How Do Lane Departure Accidents Happen?
Posted in Car accidents on July 11, 2018
Unsafe lane departures caused about 1,950 car accidents in Davidson County in 2017. According to national statistics, lane departures caused 53% of all traffic fatalities in the U.S. from 2014 to 2016. Lane departure accidents refer to collisions that occur after a vehicle leaves its lane, traveling either off the road or into another lane. These crashes can involve just one vehicle or multiple vehicles. Learning how most lane departure car accidents happen can help you prevent them in Tennessee.
Sometimes there is nothing a driver can do to avoid a lane departure accident. This might be the case if a piece of the vehicle’s equipment fails, resulting in loss of vehicle control. A tire blowout, for example, could cause a vehicle to swerve uncontrollably or fly off the road. These types of accidents could stem from poor vehicle maintenance by the owner or a defective/dangerous auto part. If it’s the former, the owner (e.g., a commercial trucking company) could be liable for the crash. A parts manufacturer could be liable for the latter.
A driver looking down at his/her phone, radio, or map is likely to drift between lanes without noticing. Distracted drivers aren’t looking at the road or focusing on the driving task. This leads to a high risk of accidental lane departures or tragedies such as veering off the road and onto a sidewalk or crosswalk. Distracted drivers may negligently merge on top of other people, drift out of their lanes, and overcorrect once they notice. They are also likely to cause rear-end collisions from failing to notice stopped vehicles.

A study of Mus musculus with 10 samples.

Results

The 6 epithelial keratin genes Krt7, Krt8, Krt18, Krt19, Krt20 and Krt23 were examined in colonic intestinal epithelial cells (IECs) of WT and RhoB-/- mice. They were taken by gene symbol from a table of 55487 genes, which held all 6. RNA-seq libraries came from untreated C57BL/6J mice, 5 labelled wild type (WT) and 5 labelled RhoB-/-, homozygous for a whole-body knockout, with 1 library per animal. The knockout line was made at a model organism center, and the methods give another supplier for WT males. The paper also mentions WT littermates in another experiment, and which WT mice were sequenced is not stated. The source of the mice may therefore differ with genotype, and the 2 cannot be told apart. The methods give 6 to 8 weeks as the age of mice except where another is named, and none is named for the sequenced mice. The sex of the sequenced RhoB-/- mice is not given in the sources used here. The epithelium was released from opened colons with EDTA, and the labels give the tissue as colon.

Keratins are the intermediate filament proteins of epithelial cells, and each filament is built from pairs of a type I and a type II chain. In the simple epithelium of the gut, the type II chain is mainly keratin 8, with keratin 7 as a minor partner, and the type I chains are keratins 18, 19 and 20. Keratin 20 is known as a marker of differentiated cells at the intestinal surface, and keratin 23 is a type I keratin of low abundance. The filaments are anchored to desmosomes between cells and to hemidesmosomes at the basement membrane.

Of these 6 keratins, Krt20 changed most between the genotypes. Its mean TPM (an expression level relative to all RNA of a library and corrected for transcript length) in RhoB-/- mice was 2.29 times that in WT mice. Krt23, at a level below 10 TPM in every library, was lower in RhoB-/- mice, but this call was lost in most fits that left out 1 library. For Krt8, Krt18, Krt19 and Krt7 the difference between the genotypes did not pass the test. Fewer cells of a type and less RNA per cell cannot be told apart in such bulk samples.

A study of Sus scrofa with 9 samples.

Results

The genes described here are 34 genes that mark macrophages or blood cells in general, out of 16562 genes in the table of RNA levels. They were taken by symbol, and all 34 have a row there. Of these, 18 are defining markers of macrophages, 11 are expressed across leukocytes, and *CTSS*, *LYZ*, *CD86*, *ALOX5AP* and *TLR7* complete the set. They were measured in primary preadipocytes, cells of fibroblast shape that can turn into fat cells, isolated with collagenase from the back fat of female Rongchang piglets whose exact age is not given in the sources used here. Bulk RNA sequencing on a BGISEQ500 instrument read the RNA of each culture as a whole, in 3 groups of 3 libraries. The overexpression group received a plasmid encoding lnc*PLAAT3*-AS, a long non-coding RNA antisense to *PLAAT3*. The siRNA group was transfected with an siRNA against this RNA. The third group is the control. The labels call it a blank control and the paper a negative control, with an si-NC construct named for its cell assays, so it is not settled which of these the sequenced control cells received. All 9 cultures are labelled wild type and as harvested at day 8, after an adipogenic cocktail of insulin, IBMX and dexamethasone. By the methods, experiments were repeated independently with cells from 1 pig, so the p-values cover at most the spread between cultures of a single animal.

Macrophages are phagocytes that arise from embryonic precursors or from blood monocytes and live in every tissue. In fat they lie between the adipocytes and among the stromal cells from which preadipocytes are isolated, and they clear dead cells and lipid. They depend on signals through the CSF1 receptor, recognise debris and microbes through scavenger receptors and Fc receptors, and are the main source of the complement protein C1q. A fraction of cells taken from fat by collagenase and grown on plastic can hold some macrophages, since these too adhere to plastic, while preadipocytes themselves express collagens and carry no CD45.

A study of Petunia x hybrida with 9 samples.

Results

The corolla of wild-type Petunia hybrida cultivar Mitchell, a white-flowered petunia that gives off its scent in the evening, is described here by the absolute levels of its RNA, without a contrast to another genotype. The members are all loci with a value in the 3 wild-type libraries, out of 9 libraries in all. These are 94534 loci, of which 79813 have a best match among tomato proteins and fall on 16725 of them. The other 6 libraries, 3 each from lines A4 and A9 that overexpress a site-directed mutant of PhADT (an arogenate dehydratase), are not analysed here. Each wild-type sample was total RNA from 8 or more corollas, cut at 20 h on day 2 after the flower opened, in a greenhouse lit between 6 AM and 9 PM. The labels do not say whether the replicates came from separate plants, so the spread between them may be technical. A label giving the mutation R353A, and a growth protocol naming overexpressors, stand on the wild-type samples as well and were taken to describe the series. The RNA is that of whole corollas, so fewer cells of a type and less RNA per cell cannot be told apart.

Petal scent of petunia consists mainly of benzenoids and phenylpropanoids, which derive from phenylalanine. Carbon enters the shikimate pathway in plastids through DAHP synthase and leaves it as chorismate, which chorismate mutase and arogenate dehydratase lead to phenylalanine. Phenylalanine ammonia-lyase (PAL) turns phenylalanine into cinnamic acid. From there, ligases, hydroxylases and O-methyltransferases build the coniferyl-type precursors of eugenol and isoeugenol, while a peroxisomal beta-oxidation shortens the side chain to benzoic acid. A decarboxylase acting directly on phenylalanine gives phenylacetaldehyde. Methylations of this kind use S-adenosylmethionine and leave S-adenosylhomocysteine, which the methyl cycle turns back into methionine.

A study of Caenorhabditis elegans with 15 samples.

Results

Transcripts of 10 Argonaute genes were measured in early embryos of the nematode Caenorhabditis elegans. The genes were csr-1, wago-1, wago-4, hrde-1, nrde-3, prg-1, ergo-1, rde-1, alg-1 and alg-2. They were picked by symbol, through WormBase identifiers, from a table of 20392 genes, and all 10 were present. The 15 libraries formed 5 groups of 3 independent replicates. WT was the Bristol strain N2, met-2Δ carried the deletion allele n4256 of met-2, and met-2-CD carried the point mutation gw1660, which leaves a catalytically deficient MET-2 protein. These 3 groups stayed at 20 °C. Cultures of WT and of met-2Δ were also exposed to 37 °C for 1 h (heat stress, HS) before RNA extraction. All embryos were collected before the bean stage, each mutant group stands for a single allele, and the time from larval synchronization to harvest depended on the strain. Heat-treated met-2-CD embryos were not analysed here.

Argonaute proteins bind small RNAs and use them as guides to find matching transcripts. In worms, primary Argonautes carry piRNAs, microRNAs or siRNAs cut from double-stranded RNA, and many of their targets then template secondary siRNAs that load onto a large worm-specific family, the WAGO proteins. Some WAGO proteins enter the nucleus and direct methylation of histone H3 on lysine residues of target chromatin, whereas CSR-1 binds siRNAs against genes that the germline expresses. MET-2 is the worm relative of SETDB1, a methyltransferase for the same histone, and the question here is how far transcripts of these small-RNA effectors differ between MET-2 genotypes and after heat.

A driver dozing off behind the wheel is a common cause of lane departure accidents. Drowsy drivers may drift off the road and/or into other lanes without realizing it – until they either wake up and correct themselves or cause an accident. Drowsy drivers also have slower reaction times to changing roadway conditions, increasing the probability of being unable to correct their vehicles in time to avoid a collision.
Dozing off behind the wheel could also generate a knee-jerk reaction to something such as hitting rumble strips, causing the driver to overcorrect, yank the wheel, and crash. Overcorrecting a lane departure can be more dangerous than the departure itself. Jerking the wheel and slamming on the brakes could cause the vehicle to rollover, swerve into oncoming traffic, or cause a serious rear-end collision.
A drunk driver cannot safely control a motor vehicle. One of the greatest red flags of a drunk driver is the inability to stay within the lane. Drifting between lanes is common when a driver is under the influence of drugs and/or alcohol, as is running off the road and correcting. Driving drunk can cause blurred vision, slowed thoughts, confusion, speeding, and reckless driving behaviors. All of these could lead to a lane departure accident. Lane departure accidents from this act of recklessness will point to drunk driver liability for damages.
It’s possible that a driver is having a heart attack, stroke, or other medical emergency behind the wheel, causing the unsafe lane departure. Paramedics will be able to administer emergency medical care on the scene, while an investigation can determine if this is the case. If you notice someone driving erratically or slumped behind the wheel, keep your distance, and call 911.
Injured in a Lane Departure Accident?
If another driver negligently came into your lane and crashed your vehicle, talk to a lawyer. The odds are high that the other driver is at fault for the collision and therefore liable for your damages. You will need an investigation of the collision to find out if the other driver was drunk, drugged, drowsy, distracted, or otherwise at fault for the lane departure accident. If so, an insurance claim and/or personal injury lawsuit could reimburse your losses.